From our partners at Houzz

When it came to designing a contemporary second home for a Chicago-area family, architect Bill Bickford looked to an old barn on their 200-acre working farm in Wisconsin. The farm has been in the family for more than 25 years, and they had forged a strong connection to the property. “When you look out to the surroundings, you see beautiful old oaks, barns and silos dotting the landscape,” he says. Bickford designed a home that’s both contemporary and technologically advanced, and also fits the rural context and the family’s desire for wide-open spaces, family gatherings and relaxing weekends.

Houzz at a Glance
Who lives here: This is a second home of a family with young children.
Location: The countryside west of Madison, Wisconsin
Size: 4,500 square feet (418 square meters); 3 bedrooms plus bunk room, 3½bathrooms

Photography by Werner Straube Photography

Thistle Hill Farm

The old barn, near the top of one of the rolling hills, was in a bad state of disrepair; they had it carefully disassembled in a way that they could reuse the materials in the future. Bickford, of Northworks Architects and Planners, sited the new house just above where the old barn had stood, incorporating the remains of its limestone foundation walls around the pool. Meanwhile, the family made plans to use as much of the old structure as possible for future projects and in some of their furniture.

Siting the home atop a hill just above where the former barn stood means it enjoys spectacular views across the bucolic landscape. Because of the north-facing orientation, the house gets great natural light, without the solar heat gain from direct southern sunlight in the summer.

The proportions of the new house are very similar to that of the old barn. The footprint, including the large north-facing porch shown here, is roughly 75 feet long and 26 feet wide. The materials emulate those of barns in the surrounding countryside, with red cedar siding and a tin-coated copper roof that will develop a patina over time.

The old barn’s original limestone foundation walls form a terrace between the pool and the house. The pool surround is ipe, a durable and low-maintenance wood.


Thistle Hill Farm
Thistle Hill Farm

The inside of the house connects to the outdoors in ways beyond the views. For example, the large hearth is crafted from local limestone, as was the original barn’s foundation. The hearth is two-sided; the other side serves the large front porch. Doors on either side slide into pockets hidden by the fireplace surround, inviting in the summer breezes.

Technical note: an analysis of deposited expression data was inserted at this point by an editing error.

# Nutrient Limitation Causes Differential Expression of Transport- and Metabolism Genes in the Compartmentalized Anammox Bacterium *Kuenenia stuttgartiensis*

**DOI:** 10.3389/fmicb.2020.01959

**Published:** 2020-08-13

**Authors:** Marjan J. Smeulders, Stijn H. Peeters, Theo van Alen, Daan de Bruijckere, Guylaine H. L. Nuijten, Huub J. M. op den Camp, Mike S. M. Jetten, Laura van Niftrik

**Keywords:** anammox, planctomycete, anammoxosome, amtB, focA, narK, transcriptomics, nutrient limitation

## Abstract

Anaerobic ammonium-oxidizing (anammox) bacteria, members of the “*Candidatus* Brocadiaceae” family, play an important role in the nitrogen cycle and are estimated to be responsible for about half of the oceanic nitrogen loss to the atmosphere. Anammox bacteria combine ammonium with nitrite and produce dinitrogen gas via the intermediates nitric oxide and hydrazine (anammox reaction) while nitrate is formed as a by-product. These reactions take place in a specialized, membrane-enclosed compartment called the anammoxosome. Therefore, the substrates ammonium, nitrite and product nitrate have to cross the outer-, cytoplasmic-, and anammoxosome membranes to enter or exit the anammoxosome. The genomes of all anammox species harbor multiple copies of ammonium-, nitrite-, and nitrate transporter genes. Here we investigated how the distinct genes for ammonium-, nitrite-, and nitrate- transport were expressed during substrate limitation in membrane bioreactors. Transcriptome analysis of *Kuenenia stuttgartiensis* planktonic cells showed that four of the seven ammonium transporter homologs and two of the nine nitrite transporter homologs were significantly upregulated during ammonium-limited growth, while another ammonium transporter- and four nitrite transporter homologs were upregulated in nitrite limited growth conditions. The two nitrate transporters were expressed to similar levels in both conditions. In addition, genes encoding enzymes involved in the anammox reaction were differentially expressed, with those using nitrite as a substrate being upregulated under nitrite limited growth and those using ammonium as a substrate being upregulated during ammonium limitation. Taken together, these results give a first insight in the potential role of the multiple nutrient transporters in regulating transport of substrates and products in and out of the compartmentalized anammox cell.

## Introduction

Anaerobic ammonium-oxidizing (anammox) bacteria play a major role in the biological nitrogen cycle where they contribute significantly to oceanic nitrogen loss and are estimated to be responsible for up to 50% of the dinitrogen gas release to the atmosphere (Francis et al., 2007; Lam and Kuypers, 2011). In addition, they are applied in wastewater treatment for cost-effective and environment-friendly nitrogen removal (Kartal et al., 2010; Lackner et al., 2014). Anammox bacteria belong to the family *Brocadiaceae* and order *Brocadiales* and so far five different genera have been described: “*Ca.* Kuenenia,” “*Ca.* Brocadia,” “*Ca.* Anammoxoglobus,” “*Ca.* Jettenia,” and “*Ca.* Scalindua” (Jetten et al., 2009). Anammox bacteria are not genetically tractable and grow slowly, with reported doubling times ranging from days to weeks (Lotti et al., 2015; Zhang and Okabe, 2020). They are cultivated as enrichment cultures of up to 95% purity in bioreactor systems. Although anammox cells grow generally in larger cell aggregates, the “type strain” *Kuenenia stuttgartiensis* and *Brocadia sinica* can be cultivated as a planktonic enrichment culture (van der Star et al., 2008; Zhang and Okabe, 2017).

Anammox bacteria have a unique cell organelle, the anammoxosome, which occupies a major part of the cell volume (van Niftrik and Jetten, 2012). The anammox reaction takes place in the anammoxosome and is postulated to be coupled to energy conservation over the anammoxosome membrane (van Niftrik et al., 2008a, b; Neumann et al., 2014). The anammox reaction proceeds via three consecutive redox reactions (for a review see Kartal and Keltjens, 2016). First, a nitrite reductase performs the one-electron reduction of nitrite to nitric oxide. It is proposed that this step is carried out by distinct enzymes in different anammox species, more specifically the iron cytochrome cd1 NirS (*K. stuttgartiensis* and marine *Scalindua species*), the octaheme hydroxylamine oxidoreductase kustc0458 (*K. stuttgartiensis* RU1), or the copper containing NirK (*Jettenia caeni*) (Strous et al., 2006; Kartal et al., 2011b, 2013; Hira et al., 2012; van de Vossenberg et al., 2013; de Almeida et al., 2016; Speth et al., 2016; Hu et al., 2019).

The rhythm of the trusses is the same from indoors to out, but they change from Douglas fir inside to steel outside. “The clients wanted this home to be as close to no maintenance as possible,” Bickford says. The steel, red cedar siding and metal roof require little maintenance and last a long time.

The site has a natural slope, but Bickford cleverly designed the lower level to be above-grade on all sides. “There is more ventilation this way; the lower level can be fully opened and aired out,” he says. It also meant he could tuck unsightly items like utility meters out of view underneath.

The lower level contains two guest suites and a large bunk room; guests who come out to the farm usually stay overnight. The bridge leads to a recessed ground-level entryway that in turn leads into the dining area.

Thistle Hill Farm

The doors on the right lead to the bridge. The barn structure lends itself to a wide-open floor plan, perfect for large gatherings and enjoying the views. The floors throughout are heart pine, salvaged from river-bottom trees.

“It’s a dream to work with clients who have furnishings that make your work look even better,” Bickford says. The homeowners saved what they could from the original barn for furniture projects, including the dining table, which a friend made for them. The homeowner made the light fixture himself from metal pipes.

Thistle Hill Farm

Wood and metal mix throughout the inside of the house, as on the rest of the farm. In the kitchen a large sheet of stainless steel provides a backsplash behind the range. Simple Tolix stools provide perches for plenty of folks to gather around the large island.


Thistle Hill Farm

Two large ceiling fans provide plenty of cool air. The home is powered by a field of solar panels just southwest of the house. The panels generate energy to power the home and pool equipment and send leftover power back to the grid.

The construction is timber frame with structural integrated panels (SIPs) at the roof. The original barn’s rustic purlin and rafter roof construction inspired the structural system, but the new trusses have a cleaner, contemporary look. The wood for the ceilings, soffits and trim is Douglas fir with a clear coat.

Thistle Hill Farm

The homeowners found the large sign at a salvage place (look closely at the upper-right corner of this photograph and you’ll see the other half). They sign halves silde along barn door tracks and serve not only as art but also as doors between the bridge and the master suite.

Thistle Hill Farm

One of the home’s most contemporary elements is the staircase, but it still nods to the agricultural architectural vocabulary. The stairs are laminated wood and cantilever off a bracket bolted through to a timber stringer beam. The metal railing brings back the traditional farm feeling; its grids were inspired by the kind of fencing one might see around a pig pen.